SANTIAGO, Chile (March 16, 2018) – The Government of Chile has officially designated Admiralty Sound (Seno Almirantazgo)—a scenic and biologically diverse 80-kilometer-long (49 miles) fjord—Tierra del Fuego’s first marine protected area (MPA), according to WCS (Wildlife Conservation Society).

The Admiralty Sound Multiple Use Marine Protected Area (MUMPA) and four other marine protected areas were created by a presidential decree signed by Chilean President Michelle Bachelet in a ceremony at the governmental palace La Moneda on February 27th. The presidential decree will come into force after a legal revision by Chile’s General Auditor and publication in the government’s official bulletin.

Covering a coastal area 764 square kilometers (294 square miles) in size, the newly created MPA will protect the seascape’s rich marine life—including southern elephant and leopard seals, Magellanic penguins, black-browed albatross, and other charismatic species—while providing local communities with sustainable fisheries and eco-tourism opportunities. In addition to Admiralty Sound, Chile’s other four new MPAs are Juan Fernández Archipelago, Rapa Nui, Tortel, and the Diego Ramírez Islands - Paso Drake.

With the creation of these MPAs, Chile is on its way to achieving its goal of conserving more than 40 percent of the country’s exclusive economic zone. The achievement was accomplished through the work of hundreds of people from the civil society, a number of NGOs, as well as indigenous people from Rapa Nui and fishermen from Juan Fernandez Archipelago.

“Chile does not need to be a superpower country to be a global leader in marine conservation,” said President Bachelet. “The greatest achievement for Chile is that the environment is no longer an issue for environmentalists or idealists. It is now imperative in any discussion about economics, energy, territorial planning, housing, international relations or transportation.”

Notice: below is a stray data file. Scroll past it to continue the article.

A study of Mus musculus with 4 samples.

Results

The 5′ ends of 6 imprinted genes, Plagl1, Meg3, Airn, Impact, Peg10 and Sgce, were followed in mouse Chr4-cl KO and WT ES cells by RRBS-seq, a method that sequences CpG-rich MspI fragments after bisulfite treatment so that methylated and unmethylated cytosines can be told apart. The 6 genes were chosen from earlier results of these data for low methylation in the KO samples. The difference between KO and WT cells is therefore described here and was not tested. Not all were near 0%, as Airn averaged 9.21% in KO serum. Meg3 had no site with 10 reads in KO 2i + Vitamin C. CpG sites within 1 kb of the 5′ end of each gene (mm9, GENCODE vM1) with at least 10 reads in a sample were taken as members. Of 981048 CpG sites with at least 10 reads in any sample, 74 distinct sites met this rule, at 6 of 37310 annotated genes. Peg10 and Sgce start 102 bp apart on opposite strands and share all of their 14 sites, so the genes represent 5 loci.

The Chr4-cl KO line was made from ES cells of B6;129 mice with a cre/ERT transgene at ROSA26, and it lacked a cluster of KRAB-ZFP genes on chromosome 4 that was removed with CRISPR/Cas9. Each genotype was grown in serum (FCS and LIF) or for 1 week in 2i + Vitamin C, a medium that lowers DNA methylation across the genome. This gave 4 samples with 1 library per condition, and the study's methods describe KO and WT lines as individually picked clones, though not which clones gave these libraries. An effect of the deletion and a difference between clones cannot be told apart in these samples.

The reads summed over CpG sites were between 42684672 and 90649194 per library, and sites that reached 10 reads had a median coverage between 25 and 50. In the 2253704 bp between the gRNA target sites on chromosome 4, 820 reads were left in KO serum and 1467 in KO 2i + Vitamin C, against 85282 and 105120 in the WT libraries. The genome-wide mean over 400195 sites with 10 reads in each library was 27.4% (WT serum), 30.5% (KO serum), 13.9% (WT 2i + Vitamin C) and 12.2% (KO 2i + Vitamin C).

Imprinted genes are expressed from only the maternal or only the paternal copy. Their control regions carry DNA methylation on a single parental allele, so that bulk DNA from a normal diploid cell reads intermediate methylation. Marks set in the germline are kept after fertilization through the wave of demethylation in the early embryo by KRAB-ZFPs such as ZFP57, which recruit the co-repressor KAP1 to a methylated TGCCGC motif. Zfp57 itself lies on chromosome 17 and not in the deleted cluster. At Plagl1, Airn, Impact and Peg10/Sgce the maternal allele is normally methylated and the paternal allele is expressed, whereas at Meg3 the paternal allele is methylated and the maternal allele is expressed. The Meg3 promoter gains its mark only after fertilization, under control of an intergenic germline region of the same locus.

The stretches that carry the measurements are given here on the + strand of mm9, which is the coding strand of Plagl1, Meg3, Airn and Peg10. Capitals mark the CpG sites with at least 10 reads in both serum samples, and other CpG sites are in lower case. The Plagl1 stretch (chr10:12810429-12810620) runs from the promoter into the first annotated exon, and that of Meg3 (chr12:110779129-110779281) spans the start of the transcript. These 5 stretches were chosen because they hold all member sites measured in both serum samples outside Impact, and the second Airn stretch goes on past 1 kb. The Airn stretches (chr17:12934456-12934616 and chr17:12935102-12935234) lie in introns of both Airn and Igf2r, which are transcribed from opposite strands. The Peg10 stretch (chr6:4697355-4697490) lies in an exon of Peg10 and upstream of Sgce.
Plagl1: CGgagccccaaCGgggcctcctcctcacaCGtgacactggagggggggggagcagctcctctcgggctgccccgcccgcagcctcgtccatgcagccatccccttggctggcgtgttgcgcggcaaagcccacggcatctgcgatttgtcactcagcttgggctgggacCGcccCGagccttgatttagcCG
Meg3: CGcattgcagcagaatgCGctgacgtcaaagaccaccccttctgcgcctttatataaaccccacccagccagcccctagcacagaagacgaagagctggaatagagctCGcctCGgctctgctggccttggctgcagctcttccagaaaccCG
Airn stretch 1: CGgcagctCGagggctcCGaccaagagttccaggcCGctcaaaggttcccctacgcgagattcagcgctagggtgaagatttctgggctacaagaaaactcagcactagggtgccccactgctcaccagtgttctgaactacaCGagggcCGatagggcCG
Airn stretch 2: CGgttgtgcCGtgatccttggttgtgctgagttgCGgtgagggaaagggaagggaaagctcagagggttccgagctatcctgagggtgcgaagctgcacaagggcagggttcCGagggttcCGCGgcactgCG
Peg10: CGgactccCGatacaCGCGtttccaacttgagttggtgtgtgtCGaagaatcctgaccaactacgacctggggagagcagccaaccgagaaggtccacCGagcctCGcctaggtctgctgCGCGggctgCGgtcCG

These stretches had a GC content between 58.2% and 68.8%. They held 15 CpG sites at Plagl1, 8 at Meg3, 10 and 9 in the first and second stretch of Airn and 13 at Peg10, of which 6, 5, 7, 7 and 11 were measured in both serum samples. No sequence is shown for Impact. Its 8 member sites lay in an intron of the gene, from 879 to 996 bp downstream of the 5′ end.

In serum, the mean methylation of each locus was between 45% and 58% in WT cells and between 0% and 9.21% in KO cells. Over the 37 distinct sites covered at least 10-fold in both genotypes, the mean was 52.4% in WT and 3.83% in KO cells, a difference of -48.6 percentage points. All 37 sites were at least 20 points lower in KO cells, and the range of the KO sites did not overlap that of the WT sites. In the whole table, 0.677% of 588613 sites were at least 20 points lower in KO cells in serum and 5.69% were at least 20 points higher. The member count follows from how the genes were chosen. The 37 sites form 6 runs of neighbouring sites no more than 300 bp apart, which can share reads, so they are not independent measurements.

WCS Chile Director Barbara Saavedra said: “This is the new face of development. As WCS, neighbors of Tierra del Fuego, and as conservation experts, we have been contributing to the construction of this new route for Chile: that of sustainability, based on cooperation and the construction of common good, for the Chile of today and of the future.”

Admiralty Sound is adjacent to Karukinka Natural Park, a mountainous protected area partly managed by WCS Chile that safeguards wildlife, wetlands, and some of the last remaining old-growth forests in the region. WCS Chile has been working for over a decade on Patagonia’s coastal seascapes to develop an integrated marine conservation model that combines both wildlife management and sustainable use of the area’s marine biodiversity.  Admiralty Sound in particular has been the focus of a decade of conservation research involving the efforts of multiple organizations, government agencies, and stakeholders.

The research conducted to highlight the Admiralty Sound and the documents underpinning the creation of the MPA were supported by the David and Lucile Packard Foundation.

The protection of Admiralty Sound also marks a milestone for the Magallanes Network of Marine Protected Areas first announced by the Government of Chile in 2015. Based on multiple collaborations, the MPA network will likely expand across the Patagonia region and will help Chile to meet its target of protecting 10 percent of its marine ecosystems by 2020. With the support of the Waitt Foundation, WCS is working to design such network in close cooperation with the Chilean Government and several NGOs, including WWF, Huinay Foundation and CBA-UACH. International efforts to establish MPAs have been generously supported by the Waitt Foundation, which also supported the launch of the WCS MPA Fund to assist countries worldwide in creating new marine protected areas in fulfillment of the United Nations goal to protect 10 percent of the oceans by 2020.